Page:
Posted Feb. 11, 2015

MP3 Interview with Carling Sothoron, anti-LNG project activist, conducted by Melinda Tuhus


Opponents say the LNG terminal will bring noise and dangerous pollution to residents living near the site in the town of Lusby; greatly increase fracking throughout the Marcellus shale region where natural gas is extracted and blow a hole in any attempt to rein in carbon pollution to keep climate change from going into overdrive.

Between The Lines’ Melinda Tuhus, who has worked on the Cove Point issue, spoke with Sothoron after she was brought down from the crane, arrested and released. Here, she explains what motivated her to engage in this civil disobedience action and what she believes is at risk if the export terminal is built.

CARLING SOTHORON: Heather Doyle and I entered the Dominion Cove Point site and we proceeded to climb onto the crane structure and Heather was my belay person as I climbed to the top of the crane. And at the top, I unfurled a banner that read, "Dominion Get Out" and "Don't Frack Maryland" and "No Gas Exports" and "Save Cove Point."

BETWEEN THE LINES: How did you get down from the top of the crane?

CARLING SOTHORON: I tried to come down on my own by asking for my rope back. The end of my rope – the part that Heather was attached to – once Heather was removed from the crane, the police officer tied off the end of my rope so I couldn't retrieve my rope to allow myself to come down on my own. So they lowered the crane with me on it. So I felt a bit unsafe because I didn't know what was happening.

BETWEEN THE LINES: What led you to take this kind of action, which could be pretty risky to your safety and also carry a legal risk?

CARLING SOTHORON: I'd actually been out of the country for a little while and I returned back to Maryland this past summer, and pretty soon afterward I found out about Dominion's project in Cove Point. For the last few years I've been learning more about natural gas fracking and its impacts on the environment and the communities where this process is happening, and have felt very strongly against the practice of natural gas drilling. And when I found out about this project, the more I was learning about the impact it would have, the more I wanted to do something about it. So I found a group of people that were actively working on stopping this project from happening, and in the past few months there's been a lot of activity as far as protests and actions taken to raise awareness about what this project is going to mean for nearby communities, but also the region, and even beyond just Maryland.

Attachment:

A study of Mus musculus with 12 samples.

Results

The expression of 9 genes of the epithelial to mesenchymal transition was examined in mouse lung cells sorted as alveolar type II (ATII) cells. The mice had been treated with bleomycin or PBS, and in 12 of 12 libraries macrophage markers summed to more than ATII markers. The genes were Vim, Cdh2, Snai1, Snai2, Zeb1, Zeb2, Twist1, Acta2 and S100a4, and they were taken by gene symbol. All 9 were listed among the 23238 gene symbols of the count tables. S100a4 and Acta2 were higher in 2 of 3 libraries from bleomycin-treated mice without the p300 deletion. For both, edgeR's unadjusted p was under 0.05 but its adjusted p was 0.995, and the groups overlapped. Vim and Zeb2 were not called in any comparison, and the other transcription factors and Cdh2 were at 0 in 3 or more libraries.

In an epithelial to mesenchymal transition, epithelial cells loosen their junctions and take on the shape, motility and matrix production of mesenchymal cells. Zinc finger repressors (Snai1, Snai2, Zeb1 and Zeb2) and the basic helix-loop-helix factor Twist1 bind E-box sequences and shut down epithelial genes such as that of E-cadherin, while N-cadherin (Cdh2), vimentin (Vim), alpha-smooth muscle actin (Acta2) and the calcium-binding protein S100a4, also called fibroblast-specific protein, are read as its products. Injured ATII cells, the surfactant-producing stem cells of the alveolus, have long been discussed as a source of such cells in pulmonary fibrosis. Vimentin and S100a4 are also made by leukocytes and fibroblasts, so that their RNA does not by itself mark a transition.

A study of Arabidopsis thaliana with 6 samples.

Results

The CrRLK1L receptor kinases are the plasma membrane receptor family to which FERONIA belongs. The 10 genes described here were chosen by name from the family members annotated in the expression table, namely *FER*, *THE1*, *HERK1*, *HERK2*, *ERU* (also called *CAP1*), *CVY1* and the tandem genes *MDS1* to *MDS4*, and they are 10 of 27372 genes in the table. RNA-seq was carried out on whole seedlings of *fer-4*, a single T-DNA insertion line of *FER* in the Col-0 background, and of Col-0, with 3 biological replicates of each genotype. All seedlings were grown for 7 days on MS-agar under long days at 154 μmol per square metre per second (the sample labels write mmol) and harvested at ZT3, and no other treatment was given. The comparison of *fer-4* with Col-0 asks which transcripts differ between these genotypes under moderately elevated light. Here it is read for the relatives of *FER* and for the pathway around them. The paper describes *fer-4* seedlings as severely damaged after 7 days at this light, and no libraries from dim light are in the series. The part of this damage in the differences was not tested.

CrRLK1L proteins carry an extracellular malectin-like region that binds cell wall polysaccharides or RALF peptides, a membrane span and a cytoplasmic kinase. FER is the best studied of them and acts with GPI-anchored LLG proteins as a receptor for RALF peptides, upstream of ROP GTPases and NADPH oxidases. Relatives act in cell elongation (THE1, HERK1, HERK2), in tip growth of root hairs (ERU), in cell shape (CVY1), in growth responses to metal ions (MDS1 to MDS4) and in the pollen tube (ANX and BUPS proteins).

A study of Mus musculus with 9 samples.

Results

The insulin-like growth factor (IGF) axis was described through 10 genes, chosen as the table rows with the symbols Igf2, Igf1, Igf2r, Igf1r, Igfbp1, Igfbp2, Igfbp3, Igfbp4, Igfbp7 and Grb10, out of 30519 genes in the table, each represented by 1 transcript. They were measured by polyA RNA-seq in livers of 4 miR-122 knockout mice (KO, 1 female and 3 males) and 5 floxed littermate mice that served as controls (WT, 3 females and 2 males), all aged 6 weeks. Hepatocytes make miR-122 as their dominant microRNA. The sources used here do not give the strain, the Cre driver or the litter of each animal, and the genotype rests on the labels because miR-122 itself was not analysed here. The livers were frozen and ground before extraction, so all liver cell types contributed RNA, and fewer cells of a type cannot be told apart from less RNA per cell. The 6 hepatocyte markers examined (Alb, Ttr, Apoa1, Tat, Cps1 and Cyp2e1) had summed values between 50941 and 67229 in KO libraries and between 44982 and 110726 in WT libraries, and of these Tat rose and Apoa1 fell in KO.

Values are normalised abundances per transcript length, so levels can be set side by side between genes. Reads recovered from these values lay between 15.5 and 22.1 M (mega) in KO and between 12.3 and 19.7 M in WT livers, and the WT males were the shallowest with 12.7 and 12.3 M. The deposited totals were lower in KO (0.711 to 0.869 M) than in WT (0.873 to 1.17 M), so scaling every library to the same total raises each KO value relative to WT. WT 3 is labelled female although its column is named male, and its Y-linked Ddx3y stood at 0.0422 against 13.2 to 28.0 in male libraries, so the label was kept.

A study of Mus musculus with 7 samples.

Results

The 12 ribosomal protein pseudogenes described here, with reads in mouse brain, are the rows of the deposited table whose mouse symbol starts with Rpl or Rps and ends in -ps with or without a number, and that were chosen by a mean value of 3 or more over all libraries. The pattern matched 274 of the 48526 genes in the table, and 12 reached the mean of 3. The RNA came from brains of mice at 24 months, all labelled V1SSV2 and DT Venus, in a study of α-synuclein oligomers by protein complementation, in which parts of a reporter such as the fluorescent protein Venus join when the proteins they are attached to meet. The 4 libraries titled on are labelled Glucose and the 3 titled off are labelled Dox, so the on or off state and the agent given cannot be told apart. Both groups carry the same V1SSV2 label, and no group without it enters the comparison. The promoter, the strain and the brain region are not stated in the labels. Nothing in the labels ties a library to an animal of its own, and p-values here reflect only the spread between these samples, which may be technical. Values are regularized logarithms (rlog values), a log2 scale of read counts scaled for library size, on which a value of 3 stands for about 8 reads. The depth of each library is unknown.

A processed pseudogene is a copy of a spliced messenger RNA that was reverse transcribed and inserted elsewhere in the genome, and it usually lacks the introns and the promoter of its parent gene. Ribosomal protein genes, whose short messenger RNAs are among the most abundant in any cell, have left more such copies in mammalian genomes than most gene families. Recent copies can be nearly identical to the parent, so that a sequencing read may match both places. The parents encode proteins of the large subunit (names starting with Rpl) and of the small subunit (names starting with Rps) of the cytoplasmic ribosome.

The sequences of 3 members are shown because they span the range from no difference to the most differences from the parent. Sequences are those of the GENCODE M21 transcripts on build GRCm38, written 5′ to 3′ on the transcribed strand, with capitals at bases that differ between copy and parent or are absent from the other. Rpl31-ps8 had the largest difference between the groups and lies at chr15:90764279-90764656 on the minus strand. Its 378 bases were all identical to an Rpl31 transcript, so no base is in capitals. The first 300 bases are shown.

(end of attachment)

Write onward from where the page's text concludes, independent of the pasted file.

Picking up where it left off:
BETWEEN THE LINES: What do you think those impacts are, or would be?

CARLING SOTHORON: In the immediate region, they're clear-cutting lots of land for this project. They're not even hiring local folks, and to send natural gas abroad means that the price of natural gas here in the U.S. is going to go up. It also means if we're starting to ship natural gas outside of the U.S., we're going to need to be producing more natural gas in the U.S. Right now, there is no fracking happening in Maryland, but it seems like it will be on the table shortly, especially with a new governor who supports it. So in western Maryland there is the Marcellus shale, which is an area where a lot of natural gas exists underground that is somewhat easily accessible. So the likelihood that natural gas fracking will start happening in western Maryland seems very high. And once that happens then the natural gas needs to get to export facilities somehow, and that would be through pipelines, so there's going to be thousands of miles of pipelines built to transport this gas to the export facility. Also, at this particular Cove Point facility, they have to build a plant to change the gas from gas to liquid. The liquid makes it easier to ship; there's lots of negative environmental impacts associated with that process. So on various levels, there's not going to be any benefit to the community.

BETWEEN THE LINES: The Cove Point LNG export terminal has gotten all its approvals and is already under construction, so do you really think there's any chance of stopping it?

CARLING SOTHORON: If I didn't think there was a chance of stopping it, I wouldn't have done what I did the other day. I absolutely believ we have the power to cancel this project, to stop them where they're at now. I believe in the people who are putting their lives on the line and that are organizing. I believe in our power of community to make sure Dominion doesn't move forward with this project. I think it's a big challenge and Dominion has a lot of money, but there's a lot of willpower and we're willing to fight and we know what's at risk, and we're going to do what we can do stop it.

BETWEEN THE LINES: Sothoron was charged with trespassing and failure to obey a lawful order – both misdemeanors – and has a court date in March. Several other activists who also disrupted construction at the site go to court on Feb. 23. Learn more about groups opposed to natural gas fracking by visiting SEED, Stopping Extraction and Exports Destruction, at seedcoalition.wordpress.com.